In Canada, there is a law requiring the registration of all firearms, with a period of amnesty having been provided for failure to register hunting rifles and other “long guns”. The amnesty period is due to expire in May, and parliament is now considering a private member’s bill to permanently scrap the long gun registry.
This registry is opposed as an unnecessary imposition by many, especially in rural areas, and the minority Conservative government is supporting the bill for its abolition.
But guns of all kinds are at least as dangerous as cars, which most of us happily accept the need to register already so why should we not register guns as well? All guns do have the potential to be used in crimes, especially ones of domestic violence, and also to cause injury and death in accidents. When such things happen it is important for it to be as easy as possible to trace the weapon involved and, just as for motor vehicles, a registry of responsible ownership is a natural tool for this.
One person responded negatively to a request for support for maintaining the registry with an email that included the following:
“In each instance where gun laws were enacted; restricting ownership of, use of or registration of firearms, gun crimes are seen to INCREASE.”
“Since you appear uninformed let me say that in the last 20 or so years gun deaths in Canada average about 1000 persons per year . Unchanged since before and after the registry ( despite increase in population base).”
Not only do these two statements appear, on a superficial reading, to be contradictory, but the latter (no increase in gun deaths despite the increase in population) implies a REDUCTION in per capita gun deaths following introduction of the registry.
Perhaps the increase in “gun crimes” includes people with unregistered weapons getting stopped BEFORE they kill people!
Much of the rest of the reply involved repeated statements of concern about being left vulnerable when “they” take away our guns, but these concerns are overstated (to say the least) for a number of reasons:
1. Leaving a few rifles in the hands of farmers and hunters will not protect any of us from a well armed military dictatorship should one ever arise;
2. Unless we all walk around like Afghan tribesmen, having a gun (already illegal if concealed) will not protect us from street crime; and most significantly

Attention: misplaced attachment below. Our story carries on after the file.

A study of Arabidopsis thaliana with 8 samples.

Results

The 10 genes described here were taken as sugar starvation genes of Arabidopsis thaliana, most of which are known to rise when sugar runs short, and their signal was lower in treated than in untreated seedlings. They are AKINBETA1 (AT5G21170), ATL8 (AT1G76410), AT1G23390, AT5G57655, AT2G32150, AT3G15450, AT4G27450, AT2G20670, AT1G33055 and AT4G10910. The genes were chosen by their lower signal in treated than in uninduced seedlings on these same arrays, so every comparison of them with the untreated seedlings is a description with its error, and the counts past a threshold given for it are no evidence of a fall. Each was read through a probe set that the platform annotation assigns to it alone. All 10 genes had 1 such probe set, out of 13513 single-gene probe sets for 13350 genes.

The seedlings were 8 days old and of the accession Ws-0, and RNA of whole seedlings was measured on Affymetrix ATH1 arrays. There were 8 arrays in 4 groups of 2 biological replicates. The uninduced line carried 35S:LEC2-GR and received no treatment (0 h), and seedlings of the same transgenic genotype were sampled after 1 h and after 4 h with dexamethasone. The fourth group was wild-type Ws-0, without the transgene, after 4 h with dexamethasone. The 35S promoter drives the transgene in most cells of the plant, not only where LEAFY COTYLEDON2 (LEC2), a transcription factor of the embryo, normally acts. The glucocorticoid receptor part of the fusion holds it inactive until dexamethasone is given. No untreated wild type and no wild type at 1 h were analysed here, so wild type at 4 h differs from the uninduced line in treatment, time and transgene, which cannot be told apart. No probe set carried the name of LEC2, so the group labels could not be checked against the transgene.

3. There is actually NO INTENT to confiscate the weapons, and to suggest that there is is as ridiculous as saying that automobile licensing is the first step in a plan to take away our cars.
Speaking again of cars, it is popular among opponents of the gun regisry to claim that the money it costs could be better spent on programs to improve road safety. To which I respond “Please do so, as these are certainly not what I would cut in order to pay for the gun registry, and to suggest that these are the only two alternatives is clearly creating a false dichotomy”. There are lots of other less meritorious expenditures in the government’s budget which might well be cut back or cancelled in order to provide for both the gun registry and car safety and whatever else gets thrown up as the “more important” item.
A couple of examples that come to mind as things we really can afford to dispense with are the new jails that are being planned to house people who get convicted for unreported crimes (yes, that is effectively what the minister responsible said they were for!), and the expnditure without any bidding process of the first $9 Billion of a potential $18 Billion for new fighter jets for the air force.
And speaking of money, when we are talking of continuation or otherwise of the gun registry, it is only the future costs which would be recoverable, so complaining about alleged misspending in the process of establishing of the registry don’t add any weight to the argument for its abandonment.
Certainly the government’s decision to forego $15 million per year in forgiven registration fees is an odd response to the perception of having just dropped $2 Billion due to creative mismanagement (if not outright fraud).
A loss of $2Billion due to misadministration in the licensing of motor vehicles would be just as unfortunate as that apparently wasted in seting up the gun registry, but it would be as silly to abandon the registry because of this as it would be to abandon the registration of motor vehicles if some similar screw up had hapened in that department.
Similarly, there may well be aspects of the gun registry legislation that are unfair and/or unnecessarily onerous – but it would be as silly to abandon it on their account (rather than just fixing them) as to abandon auto licensing just because the current structure of fees and penalties were perceived as inequitable.
Guns, like cars are potentially dangerous, and so need to be traceable, both to help with investigation and prosecution for their use in crime, and to preclude evasion of responsibility in case of accident.
What on earth could be unclear or controversial about this?